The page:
It’s the biggest cliché that there is in business—the client is always right. Fortunes have been amassed by people who were good at nothing more than going to their clients, asking a question or two, and then building a business around what the clients had to say.

Take a look at the most successful court reporting firms and you’ll notice that they focus a disproportionate amount of their attention and messaging on their clients. Just by asking a few questions of attorneys and paralegals, the information you acquire can fundamentally alter the trajectory of your business.

For instance, when we asked attorneys and paralegals to give us a single piece of advice they would offer to court reporting firms, we learned a lot and maybe reinforced what we already knew. Here’s what we learned.

Be on Time. Be Professional. Be Accurate

“Make a good first impression,” said one attorney, “as I have used the court reporting service that performed my first deposition for all 18 years of practice.”

Indeed, it’s surprising the degree to which attorneys—given their proclivity to pontificate and the ability to provide any advice—gave the simplest and most concise direction.

  • “Be professional in appearance and demeanor,” said one.
  • “Be on time,” said another.
  • “Be professional in the depositions and be on time,” said a third.
  • “Be punctual, accurate, and presentable,” said still another.
  • Three more with similar guidance:
    • “Be presentable and personable;”
    • “Be on time, flexible, and invisible;” and
    • “Be available, polite, and responsive.”

What else are the clients looking for? Again, given the landscape of anything at all to advise court reporting firms, they leaned heavily on the simplest of ideas.

  • “Accuracy of transcripts is more important than all the marketing in the world,” said an attorney.
  • “Accuracy in the transcript,” deadpanned another.
  • “Speed and accuracy,” said another.
  • “Advertise your accuracy,” said still someone else.

Pricing certainly reared its head, but it was more about transparency and fairness than about having the lowest price. “Be honest, price fairly, and provide great snacks,” said an attorney, presumably joking about the snacks. “Don’t assume that counsel and clients are happy to pay huge upcharges for expediting transcripts,” said another attorney. “Some added charges make sense, but not exponential increases in fees to many times their original size!”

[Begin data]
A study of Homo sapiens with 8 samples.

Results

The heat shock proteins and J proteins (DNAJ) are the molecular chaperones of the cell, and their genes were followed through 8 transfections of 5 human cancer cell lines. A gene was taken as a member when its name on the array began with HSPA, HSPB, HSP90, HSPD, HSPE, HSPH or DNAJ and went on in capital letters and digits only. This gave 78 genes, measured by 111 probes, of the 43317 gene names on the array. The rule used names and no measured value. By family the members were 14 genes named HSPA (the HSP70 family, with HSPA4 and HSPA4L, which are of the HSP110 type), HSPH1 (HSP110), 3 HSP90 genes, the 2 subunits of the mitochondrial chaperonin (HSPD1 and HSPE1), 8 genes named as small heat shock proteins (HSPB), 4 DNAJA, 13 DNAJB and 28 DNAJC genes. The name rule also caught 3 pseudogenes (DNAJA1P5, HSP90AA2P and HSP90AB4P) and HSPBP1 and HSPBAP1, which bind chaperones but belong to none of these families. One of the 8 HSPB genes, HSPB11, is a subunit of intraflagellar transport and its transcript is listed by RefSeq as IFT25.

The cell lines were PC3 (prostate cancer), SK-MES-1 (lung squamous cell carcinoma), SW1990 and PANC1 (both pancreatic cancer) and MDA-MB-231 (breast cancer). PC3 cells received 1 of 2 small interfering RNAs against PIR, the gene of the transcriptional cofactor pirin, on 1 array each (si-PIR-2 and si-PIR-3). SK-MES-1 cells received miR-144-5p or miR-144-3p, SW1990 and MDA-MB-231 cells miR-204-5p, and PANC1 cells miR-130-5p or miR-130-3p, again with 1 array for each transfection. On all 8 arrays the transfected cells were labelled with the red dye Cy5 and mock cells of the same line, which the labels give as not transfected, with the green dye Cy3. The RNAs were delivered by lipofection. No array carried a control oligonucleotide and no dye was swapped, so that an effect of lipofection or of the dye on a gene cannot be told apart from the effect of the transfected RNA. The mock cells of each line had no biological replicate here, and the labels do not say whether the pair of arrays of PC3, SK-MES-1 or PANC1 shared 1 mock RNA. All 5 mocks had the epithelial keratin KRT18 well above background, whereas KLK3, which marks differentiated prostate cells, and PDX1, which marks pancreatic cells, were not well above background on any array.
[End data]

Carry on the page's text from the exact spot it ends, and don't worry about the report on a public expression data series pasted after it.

Marketing = Relationships

The good news for law firms with a low marketing budget, is that law firms point to colleague referrals and direction from clients as the predominant ways they select a court reporting firm. Nothing else comes close. Relationships are the single, most important factor to business development. “Spend time building the relationship,” said an attorney. “We use people we know, so become known to us,” said another. “Maintain the relationships with paralegals and legal assistants as they make the primary decisions as to whom to hire,” said another attorney.  So, when we asked a paralegal: “I usually book through recommendations from other paralegals.”

This is not to say that court reporting firms should ignore other marketing tactics in favor of networking. That would be naive because no self-respecting attorney, paralegal, or legal assistant is going to acknowledge that an advertisement or a brochure influenced his or her perception. But if you are to become known, you must find multiple ways to get your name out there as a supplement, not an alternative, to building relationships.

Finally, when it comes to relationships and advertising and positioning, it is helpful to know what to say.  What types of messaging seems to connect? Provided with a list of seven or eight common catch phrases, three stood out:

  • “Cost-effective services;”
  • “A track record of reliability;” and
  • “Fastest possible transcript turnaround time.”

That’s not poetry of course. It’s important to bring some of the character of your firm into the mix and demonstrate how you will be different than other options available in the marketplace. What doesn’t seem to resonate, though? “Nationwide coverage” and “turnkey service” were flops in our engagement with law firms.

Know your firm’s unique story and tell it in a way that weaves what matters most to law firms in their relationships with court reporting agencies. Be prepared to tell it in many different venues, but most important in one-on-one conversation where you’re building a relationship, not making a single sale.